Safe Packaging for Oral Chemo Medications

July 2015 : Hazardous Drug Handling - Vol.12 No. 7 - Page #12

Many pharmacies are challenged to establish safe handling practices for cytotoxic medications, and this holds true for oral chemotherapies, particularly those not available from the manufacturer in unit dose. The additional safety realized from bar code scanning upon administration is key to avoiding medication errors with oral chemotherapy. Although many medications can now be purchased prepackaged in unit-dose, bar-coded form, some oral cytotoxic medications are available only in bulk bottles. Packaging and bar coding these medications can be problematic in the pharmacy.

The Erlanger Health System is a five-hospital health system, with the largest of its facilities in downtown Chattanooga, Tennessee. That facility, which is licensed for approximately 800 beds, distributes the majority of its doses from a central pharmacy via cart fill. 

Many repackaging machine manufacturers recommend either not using their product with cytotoxic medications (or certain antibiotics) or thoroughly cleaning the machine after packaging these agents; such medications may be crushed while moving through the machine or leave residue on the surfaces they touch. However, cleaning the machines can be time-consuming, as it requires at least 10 to 15 minutes to thoroughly clean all the surfaces that the drugs pass over.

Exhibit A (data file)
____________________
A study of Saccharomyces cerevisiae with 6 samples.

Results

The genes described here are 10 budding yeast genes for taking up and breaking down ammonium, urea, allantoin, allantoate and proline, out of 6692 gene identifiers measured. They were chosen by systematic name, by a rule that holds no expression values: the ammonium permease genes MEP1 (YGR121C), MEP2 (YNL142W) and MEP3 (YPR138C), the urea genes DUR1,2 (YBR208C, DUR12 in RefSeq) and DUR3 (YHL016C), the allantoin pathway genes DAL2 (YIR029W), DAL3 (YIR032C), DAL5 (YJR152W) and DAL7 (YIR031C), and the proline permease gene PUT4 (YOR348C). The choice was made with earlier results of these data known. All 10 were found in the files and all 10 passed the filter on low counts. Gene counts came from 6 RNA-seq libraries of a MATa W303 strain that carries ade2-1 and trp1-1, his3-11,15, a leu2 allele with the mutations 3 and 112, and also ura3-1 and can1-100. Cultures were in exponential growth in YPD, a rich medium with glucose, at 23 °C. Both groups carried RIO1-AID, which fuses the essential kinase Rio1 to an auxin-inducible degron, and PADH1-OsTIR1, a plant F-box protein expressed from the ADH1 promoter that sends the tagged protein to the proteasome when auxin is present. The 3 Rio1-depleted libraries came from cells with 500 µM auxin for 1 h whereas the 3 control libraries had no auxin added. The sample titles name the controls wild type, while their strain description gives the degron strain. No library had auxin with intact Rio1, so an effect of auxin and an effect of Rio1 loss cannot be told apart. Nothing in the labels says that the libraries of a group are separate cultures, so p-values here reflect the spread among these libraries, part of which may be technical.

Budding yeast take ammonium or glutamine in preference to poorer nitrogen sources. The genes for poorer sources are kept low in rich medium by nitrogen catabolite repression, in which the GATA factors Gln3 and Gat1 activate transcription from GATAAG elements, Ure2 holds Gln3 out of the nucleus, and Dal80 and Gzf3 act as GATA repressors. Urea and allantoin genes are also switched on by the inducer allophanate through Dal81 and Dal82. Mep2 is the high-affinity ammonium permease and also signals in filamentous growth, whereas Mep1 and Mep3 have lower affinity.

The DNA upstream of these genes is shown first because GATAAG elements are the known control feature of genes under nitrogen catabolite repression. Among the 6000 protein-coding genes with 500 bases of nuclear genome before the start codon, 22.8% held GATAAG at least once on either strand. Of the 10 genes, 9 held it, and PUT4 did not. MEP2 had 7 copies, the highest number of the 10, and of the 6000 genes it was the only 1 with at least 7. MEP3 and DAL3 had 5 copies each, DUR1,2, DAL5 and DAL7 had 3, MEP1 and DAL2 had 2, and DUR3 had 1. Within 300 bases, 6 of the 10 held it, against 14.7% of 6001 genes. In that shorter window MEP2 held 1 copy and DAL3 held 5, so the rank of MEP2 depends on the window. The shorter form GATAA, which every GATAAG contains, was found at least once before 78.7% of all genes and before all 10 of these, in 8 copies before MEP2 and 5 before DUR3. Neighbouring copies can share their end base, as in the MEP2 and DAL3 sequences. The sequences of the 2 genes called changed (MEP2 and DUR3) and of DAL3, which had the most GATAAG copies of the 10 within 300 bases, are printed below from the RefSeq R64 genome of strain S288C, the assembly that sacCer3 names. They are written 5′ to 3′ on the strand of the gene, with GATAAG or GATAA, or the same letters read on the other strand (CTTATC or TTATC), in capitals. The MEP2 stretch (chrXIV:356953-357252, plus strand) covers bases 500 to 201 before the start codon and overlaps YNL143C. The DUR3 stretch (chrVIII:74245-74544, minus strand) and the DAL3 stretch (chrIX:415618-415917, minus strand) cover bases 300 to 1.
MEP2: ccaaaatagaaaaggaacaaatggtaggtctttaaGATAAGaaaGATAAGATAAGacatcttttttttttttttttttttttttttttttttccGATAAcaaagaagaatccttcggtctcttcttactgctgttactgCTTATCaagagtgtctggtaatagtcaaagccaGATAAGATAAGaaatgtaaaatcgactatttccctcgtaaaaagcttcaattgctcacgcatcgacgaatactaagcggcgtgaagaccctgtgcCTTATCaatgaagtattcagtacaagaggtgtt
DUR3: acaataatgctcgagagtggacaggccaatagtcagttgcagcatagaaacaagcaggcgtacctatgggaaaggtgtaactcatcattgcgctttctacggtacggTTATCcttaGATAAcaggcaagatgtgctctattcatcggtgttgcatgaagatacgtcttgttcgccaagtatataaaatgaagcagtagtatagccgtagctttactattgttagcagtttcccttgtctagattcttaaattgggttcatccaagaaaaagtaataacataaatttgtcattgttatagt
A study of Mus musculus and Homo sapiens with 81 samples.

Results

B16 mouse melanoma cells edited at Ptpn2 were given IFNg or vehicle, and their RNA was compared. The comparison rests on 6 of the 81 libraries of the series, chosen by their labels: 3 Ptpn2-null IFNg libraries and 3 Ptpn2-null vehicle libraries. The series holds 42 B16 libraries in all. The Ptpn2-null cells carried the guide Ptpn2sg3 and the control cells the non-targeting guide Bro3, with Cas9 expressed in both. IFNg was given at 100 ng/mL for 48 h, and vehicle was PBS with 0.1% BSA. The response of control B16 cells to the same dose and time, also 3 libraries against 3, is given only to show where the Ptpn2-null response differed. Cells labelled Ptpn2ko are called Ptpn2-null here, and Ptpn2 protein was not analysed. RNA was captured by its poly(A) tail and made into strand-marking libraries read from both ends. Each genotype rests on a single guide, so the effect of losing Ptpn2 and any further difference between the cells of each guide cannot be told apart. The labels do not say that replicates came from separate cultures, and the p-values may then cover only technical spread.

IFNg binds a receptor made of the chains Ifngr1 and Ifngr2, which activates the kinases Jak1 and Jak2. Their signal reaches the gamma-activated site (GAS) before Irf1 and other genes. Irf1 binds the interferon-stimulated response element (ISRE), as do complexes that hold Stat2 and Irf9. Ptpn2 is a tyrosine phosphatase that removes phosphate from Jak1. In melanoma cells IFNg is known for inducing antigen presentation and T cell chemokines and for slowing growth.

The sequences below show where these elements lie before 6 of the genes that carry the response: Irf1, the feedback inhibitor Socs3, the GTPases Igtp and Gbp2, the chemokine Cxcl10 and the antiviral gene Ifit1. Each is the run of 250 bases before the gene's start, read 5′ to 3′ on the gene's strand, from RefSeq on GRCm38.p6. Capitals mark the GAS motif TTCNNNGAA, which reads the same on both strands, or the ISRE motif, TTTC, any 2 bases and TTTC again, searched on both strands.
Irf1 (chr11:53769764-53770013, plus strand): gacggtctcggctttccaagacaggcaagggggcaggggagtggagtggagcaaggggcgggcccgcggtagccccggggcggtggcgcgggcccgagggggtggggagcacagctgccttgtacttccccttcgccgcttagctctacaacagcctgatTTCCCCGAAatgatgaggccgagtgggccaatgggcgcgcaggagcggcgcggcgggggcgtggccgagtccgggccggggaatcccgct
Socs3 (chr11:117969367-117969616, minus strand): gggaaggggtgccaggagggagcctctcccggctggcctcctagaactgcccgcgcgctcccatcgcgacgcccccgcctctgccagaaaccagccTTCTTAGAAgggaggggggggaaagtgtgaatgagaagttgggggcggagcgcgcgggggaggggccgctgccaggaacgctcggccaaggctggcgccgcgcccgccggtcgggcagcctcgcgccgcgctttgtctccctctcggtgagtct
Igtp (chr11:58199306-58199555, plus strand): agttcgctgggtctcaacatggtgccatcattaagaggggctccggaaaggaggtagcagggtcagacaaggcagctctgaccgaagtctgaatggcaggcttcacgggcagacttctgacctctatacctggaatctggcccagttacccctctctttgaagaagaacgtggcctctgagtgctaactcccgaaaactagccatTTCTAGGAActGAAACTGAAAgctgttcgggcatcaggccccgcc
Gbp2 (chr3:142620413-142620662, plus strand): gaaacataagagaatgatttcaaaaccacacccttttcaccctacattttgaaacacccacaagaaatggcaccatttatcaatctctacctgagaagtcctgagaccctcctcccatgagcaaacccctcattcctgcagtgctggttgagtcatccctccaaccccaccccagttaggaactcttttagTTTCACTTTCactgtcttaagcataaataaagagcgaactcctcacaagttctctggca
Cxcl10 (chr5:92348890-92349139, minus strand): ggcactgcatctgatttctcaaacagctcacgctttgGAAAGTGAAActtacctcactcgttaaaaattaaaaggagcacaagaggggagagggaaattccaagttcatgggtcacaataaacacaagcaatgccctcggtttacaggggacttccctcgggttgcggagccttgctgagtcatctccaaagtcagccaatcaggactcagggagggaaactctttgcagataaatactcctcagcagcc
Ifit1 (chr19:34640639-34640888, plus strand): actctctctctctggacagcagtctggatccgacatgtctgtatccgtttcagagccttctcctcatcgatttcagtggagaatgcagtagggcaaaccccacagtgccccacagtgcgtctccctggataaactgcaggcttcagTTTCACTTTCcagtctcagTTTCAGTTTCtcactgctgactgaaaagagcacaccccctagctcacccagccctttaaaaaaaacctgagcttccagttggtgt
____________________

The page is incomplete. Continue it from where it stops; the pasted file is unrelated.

An excellent alternative is to repackage these drugs using a manual press-and-seal, or blister pack, system. Most press-and-seal systems are simple to use and require very little training for technicians to master. Our system consists of rectangular trays of cups that technicians set on a board to fill. After a tablet is placed into each cup, an adhesive sheet is rolled over the top, sealing each dose in place. Lastly, labels are placed on each dose. Given the simplicity of this approach, medications can be packaged quickly and safely, once the labels are set up, with little cleanup required. Another advantage of adopting this process is that it can serve as a backup for those times when the pharmacy’s automated packager is down. 

Packaging oral chemotherapy doses in this manner increases safety, reduces the time required for repackaging, and decreases costs. Given that most institutions will use this system for a small volume of doses, the cost is quite manageable. Our pharmacy packages approximately 300 doses per year using the manual press-and-seal system. We have found that the packaging costs are offset by the safety benefits and time savings we have experienced.

Allen Broome, PharmD, is the director of pharmacy for the Erlanger Health System in Chattanooga, Tennessee.